There are two reasons for North Korean dictator Kim Jong Un’s visit to Russia this week: Russia is running low on weapons in its war against Ukraine, and Vladimir Putin really enjoys making the West nervous.
It seems he’s succeeded at both.
Like most things Russia does, the whole meeting was a massive, carefully calculated, staged display — and it began even before Putin and Kim met on Wednesday. (READ MORE: Libya, Morocco, Disasters, and Failed Regimes)
First, there were the rumors. At the beginning of September, a U.S. official anonymously told the Associated Press that the U.S. suspected Kim might visit Russia — likely traveling to Vladivostok — by the end of the month.
Those rumors were confirmed on Tuesday when Kim’s green-and-yellow bulletproof train crossed the border from North Korea into Russia. As it turns out, that anonymous U.S. official was correct — Kim arrived at the Vostochny Cosmodrome in Vladivostok on Wednesday.
NPR reports that just hours before Kim was scheduled to meet Putin, North Korea launched two short-range ballistic missiles — even though Kim was out of the country — likely to demonstrate the country’s technological prowess.
And then Putin greeted Kim with a 40-second handshake — the AP was counting.
Of course, meeting at the cosmodrome was no accident. Reuters reports that the facility, in addition to being relatively close to North Korea, is Russia’s “most modern space rocket launch site” — and Kim got a full tour. (READ MORE: Ignoring Russian History Is Costly)
Some kind of agreement between the two countries involving arms would make sense. Russia needs artillery shells for its war in Ukraine, and North Korea has a stockpile of them, according to the Economist. Meanwhile, North Korea would love to be able to launch a satellite but has failed to develop the necessary technology. Russia, of course, has been launching satellites for years.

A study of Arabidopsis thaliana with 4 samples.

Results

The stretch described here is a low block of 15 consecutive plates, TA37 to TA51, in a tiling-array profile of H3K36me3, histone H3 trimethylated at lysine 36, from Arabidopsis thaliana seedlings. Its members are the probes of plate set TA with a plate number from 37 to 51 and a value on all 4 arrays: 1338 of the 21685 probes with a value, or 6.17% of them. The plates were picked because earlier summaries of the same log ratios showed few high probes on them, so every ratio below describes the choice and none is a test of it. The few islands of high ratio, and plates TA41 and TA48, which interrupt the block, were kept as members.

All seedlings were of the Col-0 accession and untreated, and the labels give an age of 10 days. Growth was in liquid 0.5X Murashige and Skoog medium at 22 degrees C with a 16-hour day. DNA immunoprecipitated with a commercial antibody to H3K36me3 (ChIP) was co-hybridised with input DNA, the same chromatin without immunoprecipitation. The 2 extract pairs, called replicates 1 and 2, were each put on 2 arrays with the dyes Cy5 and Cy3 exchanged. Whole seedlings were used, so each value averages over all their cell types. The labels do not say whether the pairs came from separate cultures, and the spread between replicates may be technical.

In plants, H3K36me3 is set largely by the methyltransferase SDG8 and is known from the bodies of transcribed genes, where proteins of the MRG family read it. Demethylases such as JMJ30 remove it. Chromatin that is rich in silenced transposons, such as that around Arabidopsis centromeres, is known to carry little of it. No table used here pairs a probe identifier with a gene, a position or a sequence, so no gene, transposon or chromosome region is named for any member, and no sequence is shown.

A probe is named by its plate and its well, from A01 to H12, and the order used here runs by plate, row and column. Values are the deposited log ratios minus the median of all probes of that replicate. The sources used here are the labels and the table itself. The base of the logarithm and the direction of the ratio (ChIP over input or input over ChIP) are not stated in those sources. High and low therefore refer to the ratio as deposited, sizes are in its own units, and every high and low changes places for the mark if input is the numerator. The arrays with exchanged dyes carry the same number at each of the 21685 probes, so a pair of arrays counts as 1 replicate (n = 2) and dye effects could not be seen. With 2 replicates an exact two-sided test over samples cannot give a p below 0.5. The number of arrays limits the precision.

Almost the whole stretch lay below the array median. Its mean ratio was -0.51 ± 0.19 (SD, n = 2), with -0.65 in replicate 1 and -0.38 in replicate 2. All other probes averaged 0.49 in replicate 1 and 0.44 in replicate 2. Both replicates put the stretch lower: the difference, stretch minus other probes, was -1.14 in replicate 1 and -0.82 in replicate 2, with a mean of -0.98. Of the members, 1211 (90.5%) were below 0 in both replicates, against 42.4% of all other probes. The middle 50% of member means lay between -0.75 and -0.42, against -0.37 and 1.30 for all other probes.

Any kind of deal that supplies Russia with more artillery could prove problematic for Ukraine. The Economist notes:
Ukraine has at least achieved parity with Russia in the artillery war, with both sides facing constrained supplies. But were Russia to receive an influx of ammunition, it would be able to pin down Ukrainian forces more effectively, slowing their advances even further and increasing the level of attrition in the coming winter months.
Ukraine’s response has been to mock the Russians’ decision to host its smaller neighbor. Ukrainian presidential adviser Mykhailo Podolyak wrote on X that “Moscow’s need to beg for help from North Korea is certainly a reason for jokes, a manifestation of Russia’s incapacity, and a verdict on Putin’s 23-year policy.” (READ MORE from Aubrey Gulick: Ukraine Doesn’t Want the Vatican’s Help Negotiating Peace)
The United States, Japan, and South Korea took a far more diplomatic approach. They issued a joint warning to Russia, reminding Putin that an arms deal would violate international sanctions against North Korea.
“All three countries expressed grave concerns over the discussions between the two leaders, which include topics related to military cooperation, including the development of intercontinental ballistic missiles (ICBMs), despite repeated warnings from the international community,” the statement read.
Today, the Kremlin assured reporters that Russia did not sign any kind of agreement, military or otherwise, with North Korea this week. In fact, Kremlin spokesman Dmitry Peskov assured the West that there was never any plan to sign an agreement. Of course, the Kremlin’s statement doesn’t preclude the existence of an agreement — whether verbal or signed — prior to the Kim’s visit to Russia.